Ponzi investors 'refusing to speak' to liquidators

FMA and SFO investigations continue.

Investors who withdrew more money than they deposited in a Christchurch ponzi scheme are “refusing to speak” to liquidators, who have launched legal action against 12 such clients.

And a judgment released yesterday, which found investors who paid $249,000 into Arena Capital a week after regulators moved to shut it down should get their money back, is unlikely to be appealed.

The company, trading as BlackfortFX, was shut down by the Financial Markets Authority in May last year.

Liquidator KordaMentha’s November update said more than 900 people were owed about $7 million while 96 clients owed the company about $2.5 million.

This figure exists because those clients were paid “fictitious profits” by the company, of whom 14 clients had agreed on repayments with the liquidators, worth about $200,000.

The latest liquidators’ report, however, says 21 clients have now agreed repayments while formal legal notices have been served on 12 investors.

“A number of debtor clients are refusing to speak with us about our claims and have failed to agree on repayment arrangements that are appropriate to their circumstances.

“We intend to take further action against these clients.”

The FMA today defended its disclosure relating to Arena, which saw $249,000 paid in by investors in the six days between asset protection orders being obtained and the FMA announcing its action.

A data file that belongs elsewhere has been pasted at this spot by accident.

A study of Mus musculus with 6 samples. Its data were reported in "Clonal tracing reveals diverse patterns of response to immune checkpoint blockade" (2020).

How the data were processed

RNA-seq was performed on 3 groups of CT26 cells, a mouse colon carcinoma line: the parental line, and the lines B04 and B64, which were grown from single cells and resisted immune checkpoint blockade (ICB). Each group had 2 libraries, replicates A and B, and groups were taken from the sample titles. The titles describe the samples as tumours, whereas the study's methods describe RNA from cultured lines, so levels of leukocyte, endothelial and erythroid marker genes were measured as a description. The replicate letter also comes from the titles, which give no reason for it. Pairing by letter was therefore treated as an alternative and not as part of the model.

KordaMentha says it will not appeal yesterday’s decision and, if none of the 17 clients appeal, the $249,000 will be repaid.

“Repaying these post-APO deposits in full will reduce the amount of money available to Arena’s other clients and creditors.”

The report says various recoveries have been made, including two vehicles which have been sold, $80,000 deposited for two luxury vehicles, and a section of land in Auckland, which was bought for $1.18 million using Arena’s money during the month it was shut down.

Arena’s sole director is Christchurch resident Jimmie McNicholl, while Lance Jack Ryan, who in 2005 was convicted of welfare fraud after stealing the identities of five dead people, is also said to have played a key role.

Arena began receiving deposits from clients in May 2014, who understood the money would be placed with a Swiss trading entity.

They were also provided with a statement claiming profits had been made but KordaMentha says they were fictitious.